A bees wings move so rapidly that studying them, even seeing them, has proved difficult.
Proponents of intelligent design, which holds that a supreme being rather than evolution is responsible for life’s complexities, have long criticized science for not being able to explain some natural phenomena, such as how bees fly.
Now scientists have put this perplexing mystery to rest.
Using a combination of high-speed digital photography and a robotic model of a bee wing, the researchers figured out the flight mechanisms of honeybees.
“For many years, people tried to understand animal flight using the aerodynamics of airplanes and helicopters,” said Douglas Altshuler, a researcher at California Institute of Technology. “In the last 10 years, flight biologists have gained a remarkable amount of understanding by shifting to experiments with robots that are capable of flapping wings with the same freedom as the animals.”
The scientists analyzed pictures from hours of filming bees and mimicked the movements using robots with sensors for measuring forces.
A movie of a bee in flight, filmed at 6,000 frames per second by Douglas Altshuler and Jason Vance, is here [the link is temporary].
Turns out bee flight mechanisms are more exotic than thought.
“The honeybees have a rapid wing beat,” Altshuler told LiveScience. “In contrast to the fruit fly that has one eightieth the body size and flaps its wings 200 times each second, the much larger honeybee flaps its wings 230 times every second.”
This was a surprise because as insects get smaller, their aerodynamic performance decreases and to compensate, they tend to flap their wings faster.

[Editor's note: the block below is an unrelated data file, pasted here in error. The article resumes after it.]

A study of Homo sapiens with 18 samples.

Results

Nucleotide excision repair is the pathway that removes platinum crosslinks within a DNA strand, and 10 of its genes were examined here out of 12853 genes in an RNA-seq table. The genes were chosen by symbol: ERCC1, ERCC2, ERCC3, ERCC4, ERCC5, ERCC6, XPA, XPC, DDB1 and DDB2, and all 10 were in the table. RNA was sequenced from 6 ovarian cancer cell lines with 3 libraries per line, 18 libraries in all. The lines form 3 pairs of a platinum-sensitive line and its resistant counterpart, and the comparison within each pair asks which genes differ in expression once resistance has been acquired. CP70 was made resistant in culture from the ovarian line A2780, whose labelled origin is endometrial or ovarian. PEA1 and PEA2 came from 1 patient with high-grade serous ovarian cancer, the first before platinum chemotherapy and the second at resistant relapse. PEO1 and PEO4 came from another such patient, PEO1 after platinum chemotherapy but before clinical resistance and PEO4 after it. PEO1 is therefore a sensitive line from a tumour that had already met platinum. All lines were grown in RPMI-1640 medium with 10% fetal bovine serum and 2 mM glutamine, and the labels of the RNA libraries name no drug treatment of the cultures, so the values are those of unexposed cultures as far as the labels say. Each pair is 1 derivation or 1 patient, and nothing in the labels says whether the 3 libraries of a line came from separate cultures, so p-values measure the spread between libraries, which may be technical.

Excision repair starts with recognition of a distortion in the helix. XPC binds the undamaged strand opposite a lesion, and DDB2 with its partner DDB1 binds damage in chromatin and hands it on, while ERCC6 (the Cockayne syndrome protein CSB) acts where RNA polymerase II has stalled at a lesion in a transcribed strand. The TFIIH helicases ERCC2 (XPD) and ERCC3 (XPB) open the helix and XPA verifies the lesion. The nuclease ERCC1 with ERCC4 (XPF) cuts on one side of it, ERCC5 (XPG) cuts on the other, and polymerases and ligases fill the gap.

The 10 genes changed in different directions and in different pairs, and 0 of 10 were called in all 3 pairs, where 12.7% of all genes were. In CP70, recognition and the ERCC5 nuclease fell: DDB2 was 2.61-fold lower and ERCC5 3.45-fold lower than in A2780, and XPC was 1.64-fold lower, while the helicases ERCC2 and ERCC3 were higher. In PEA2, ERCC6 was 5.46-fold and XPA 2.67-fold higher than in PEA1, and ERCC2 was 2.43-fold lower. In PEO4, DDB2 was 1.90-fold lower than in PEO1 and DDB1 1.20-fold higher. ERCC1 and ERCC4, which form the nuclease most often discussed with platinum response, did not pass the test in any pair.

“And this was just for hovering,” Altshuler said of the bees. “They also have to transfer pollen and nectar and carry large loads, sometimes as much as their body mass, for the rest of the colony.”
In order to understand how bees carry such heavy cargo, the researchers forced the bees to fly in a small chamber filled with a mixture of oxygen and helium that is less dense than regular air. This required the bees to work harder to stay aloft and gave the scientists a chance to observe their compensation mechanisms for the additional toil.
The bees made up for the extra work by stretching out their wing stroke amplitude but did not adjust wingbeat frequency.
“They work like racing cars,” Altshuler said. “Racing cars can reach higher revolutions per minute but enable the driver to go faster in higher gear. But like honeybees, they are inefficient.”
The work, supervised by Caltech’s Michael Dickinson, was reported last month in the Proceedings of the National Academy of Sciences.
The scientists said the findings could lead to a model for designing aircraft that could hover in place and carry loads for many purposes such as diaster surveillance after earthquakes and tsunamis. They are also pleased that a simple thing like bee flight can no longer be used as an example of science failing to explain a common phenomenon.
Proponents of intelligent design, or ID, have tried in recent years to promote the idea of a supreme being by discounting science because it can’t explain everything in nature.
“People in the ID community have said that we don’t even know how bees fly,” Altshuler said. “We were finally able to put this one to rest. We do have the tools to understand bee flight and we can use science to understand the world around us.”